U.S. Climate Envoy John Kerry on Wednesday unveiled a carbon offset plan that would allow corporations to fund renewable energy projects in developing countries that are struggling to transition away from fossil fuels.
The program, called the Energy Transition Accelerator, is in partnership with philanthropic groups like the Rockefeller Foundation and the Bezos Earth Fund and will be finalized over the coming year. Officials argue it could funnel billions of dollars from the private sector into the economies of developing countries working to shift to renewable power sources like wind or solar.
The plan will create a new class of carbon offsets that represent investments in projects that help accelerate renewable energy projects or build climate change resilience in a developing country. Businesses can buy these offsets to balance out some portion of their CO2 emissions, and the money will go to these projects.
Chile and Nigeria are among the developing countries interested in the program, the State Department said, and Bank of America, Microsoft, PepsiCo and Standard Chartered Bank have “expressed interest in informing the ETA’s development.”
Voluntary carbon offset programs have been widely criticized as insufficiently regulated schemes that allow governments and corporations to undermine net-zero emission targets. Reports have shown, for example, that land managers are not changing their logging practices in some forests where offsets were purchased, and that some stands of timber that were supposedly “saved” had already been preserved and weren’t slated for logging anyway.
In order to buy these credits under the new program, companies must commit to achieve net-zero emissions by 2050 and report annually on emissions as well as progress toward the target, according to a draft of the plan. Fossil fuel companies are also not allowed to participate in the program.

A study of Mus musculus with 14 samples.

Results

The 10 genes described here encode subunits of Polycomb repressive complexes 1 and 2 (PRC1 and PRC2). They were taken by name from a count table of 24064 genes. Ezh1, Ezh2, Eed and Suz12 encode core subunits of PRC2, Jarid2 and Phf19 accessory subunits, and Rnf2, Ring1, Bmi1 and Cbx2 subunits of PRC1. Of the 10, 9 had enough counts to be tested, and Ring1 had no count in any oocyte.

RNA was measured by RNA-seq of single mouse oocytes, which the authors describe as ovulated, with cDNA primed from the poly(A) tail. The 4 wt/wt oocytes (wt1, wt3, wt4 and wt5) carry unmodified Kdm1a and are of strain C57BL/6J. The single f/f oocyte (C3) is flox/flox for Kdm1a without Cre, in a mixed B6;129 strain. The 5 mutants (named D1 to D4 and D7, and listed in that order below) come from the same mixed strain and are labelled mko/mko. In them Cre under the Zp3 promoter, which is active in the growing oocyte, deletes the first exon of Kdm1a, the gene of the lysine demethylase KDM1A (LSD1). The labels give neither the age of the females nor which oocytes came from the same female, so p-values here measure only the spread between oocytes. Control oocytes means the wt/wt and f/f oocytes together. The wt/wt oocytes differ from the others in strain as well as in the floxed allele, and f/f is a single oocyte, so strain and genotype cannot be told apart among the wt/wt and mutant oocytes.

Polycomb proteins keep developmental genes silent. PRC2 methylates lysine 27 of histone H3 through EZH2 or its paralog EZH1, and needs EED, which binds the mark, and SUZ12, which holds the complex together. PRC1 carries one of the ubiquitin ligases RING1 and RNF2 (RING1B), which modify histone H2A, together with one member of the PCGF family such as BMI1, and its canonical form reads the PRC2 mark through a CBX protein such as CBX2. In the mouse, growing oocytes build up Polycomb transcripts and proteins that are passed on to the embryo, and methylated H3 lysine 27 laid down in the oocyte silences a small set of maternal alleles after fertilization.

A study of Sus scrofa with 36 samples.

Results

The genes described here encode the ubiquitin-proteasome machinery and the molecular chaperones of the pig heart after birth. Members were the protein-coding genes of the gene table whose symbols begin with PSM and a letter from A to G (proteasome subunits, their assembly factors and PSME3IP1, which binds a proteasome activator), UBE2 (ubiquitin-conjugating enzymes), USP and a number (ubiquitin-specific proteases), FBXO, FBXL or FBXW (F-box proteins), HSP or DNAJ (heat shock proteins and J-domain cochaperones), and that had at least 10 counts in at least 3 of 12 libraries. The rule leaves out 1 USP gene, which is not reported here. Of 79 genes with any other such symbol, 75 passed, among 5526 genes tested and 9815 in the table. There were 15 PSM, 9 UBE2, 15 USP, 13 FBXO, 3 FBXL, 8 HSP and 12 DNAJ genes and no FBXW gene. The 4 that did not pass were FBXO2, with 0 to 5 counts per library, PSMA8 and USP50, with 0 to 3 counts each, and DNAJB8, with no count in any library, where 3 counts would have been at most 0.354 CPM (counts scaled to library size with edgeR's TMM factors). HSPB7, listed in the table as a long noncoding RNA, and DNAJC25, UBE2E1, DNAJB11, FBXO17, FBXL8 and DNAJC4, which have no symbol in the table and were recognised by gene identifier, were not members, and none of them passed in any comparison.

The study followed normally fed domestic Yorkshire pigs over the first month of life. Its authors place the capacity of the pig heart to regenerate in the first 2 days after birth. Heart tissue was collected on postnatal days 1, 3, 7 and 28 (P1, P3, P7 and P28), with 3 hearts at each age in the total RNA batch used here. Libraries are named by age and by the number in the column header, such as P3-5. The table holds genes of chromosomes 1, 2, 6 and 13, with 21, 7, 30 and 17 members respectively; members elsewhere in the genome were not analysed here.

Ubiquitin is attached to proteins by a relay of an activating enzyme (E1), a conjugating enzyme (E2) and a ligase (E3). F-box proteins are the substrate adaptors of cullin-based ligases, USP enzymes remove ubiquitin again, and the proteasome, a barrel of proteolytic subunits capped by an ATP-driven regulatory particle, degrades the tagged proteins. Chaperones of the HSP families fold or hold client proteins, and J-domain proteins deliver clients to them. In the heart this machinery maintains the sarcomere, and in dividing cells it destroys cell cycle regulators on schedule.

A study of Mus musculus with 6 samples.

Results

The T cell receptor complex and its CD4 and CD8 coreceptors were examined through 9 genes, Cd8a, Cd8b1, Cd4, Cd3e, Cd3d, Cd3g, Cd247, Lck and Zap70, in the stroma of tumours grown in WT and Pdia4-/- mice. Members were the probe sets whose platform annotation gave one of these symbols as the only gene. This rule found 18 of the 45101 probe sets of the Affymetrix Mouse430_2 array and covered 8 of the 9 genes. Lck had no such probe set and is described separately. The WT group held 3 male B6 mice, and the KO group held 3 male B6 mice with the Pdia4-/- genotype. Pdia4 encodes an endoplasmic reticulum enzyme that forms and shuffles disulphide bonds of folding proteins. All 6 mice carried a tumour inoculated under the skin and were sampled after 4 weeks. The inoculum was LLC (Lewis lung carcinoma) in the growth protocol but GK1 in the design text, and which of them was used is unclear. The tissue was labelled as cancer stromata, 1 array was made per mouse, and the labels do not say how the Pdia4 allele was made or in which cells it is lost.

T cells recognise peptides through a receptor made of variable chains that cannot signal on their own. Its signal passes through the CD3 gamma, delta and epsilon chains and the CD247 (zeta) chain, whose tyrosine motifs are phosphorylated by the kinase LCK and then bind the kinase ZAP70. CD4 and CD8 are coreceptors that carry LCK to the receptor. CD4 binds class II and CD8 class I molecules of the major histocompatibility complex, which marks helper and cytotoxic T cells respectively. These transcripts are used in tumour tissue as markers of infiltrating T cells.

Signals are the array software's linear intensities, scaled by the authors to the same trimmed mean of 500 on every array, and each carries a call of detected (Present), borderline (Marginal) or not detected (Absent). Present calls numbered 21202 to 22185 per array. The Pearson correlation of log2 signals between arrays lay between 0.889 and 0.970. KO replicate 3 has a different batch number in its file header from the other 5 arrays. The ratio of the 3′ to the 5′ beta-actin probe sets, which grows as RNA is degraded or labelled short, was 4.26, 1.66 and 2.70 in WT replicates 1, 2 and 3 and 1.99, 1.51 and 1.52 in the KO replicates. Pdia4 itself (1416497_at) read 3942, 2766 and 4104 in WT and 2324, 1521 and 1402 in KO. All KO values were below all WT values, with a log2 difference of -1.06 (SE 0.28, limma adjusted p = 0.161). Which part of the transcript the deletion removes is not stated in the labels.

But several major environmental groups said they are not supporting the plan, arguing the proposal lacked details and could ultimately undermine efforts to reduce global emissions.
Rachel Cleetus, policy director with the climate and energy program at the Union of Concerned Scientists, said the proposal fails to meet the urgency of the climate crisis and is not a substitute for the public finance that developing countries require to shift away from fossil fuels.
“Carbon offsets are not an answer in a world already on fire, under water and facing mounting climate losses and damage,” Cleetus said. “A voluntary carbon credit program won’t guarantee deep, real cuts in emissions — it’s tantamount to rearranging the deck chairs as the climate ship is going down.”
World Resources Institute CEO Ani Dasgupta said in a statement that the program “has to ensure guardrails for how companies participate and that the funding advances developing countries’ own priorities for a just energy transition.”
Kerry announced the proposal at the United Nations Climate Change Conference in Egypt, also called COP27. The summit has in part focused on directing funding to help poor nations recover from loss and damage caused by climate change.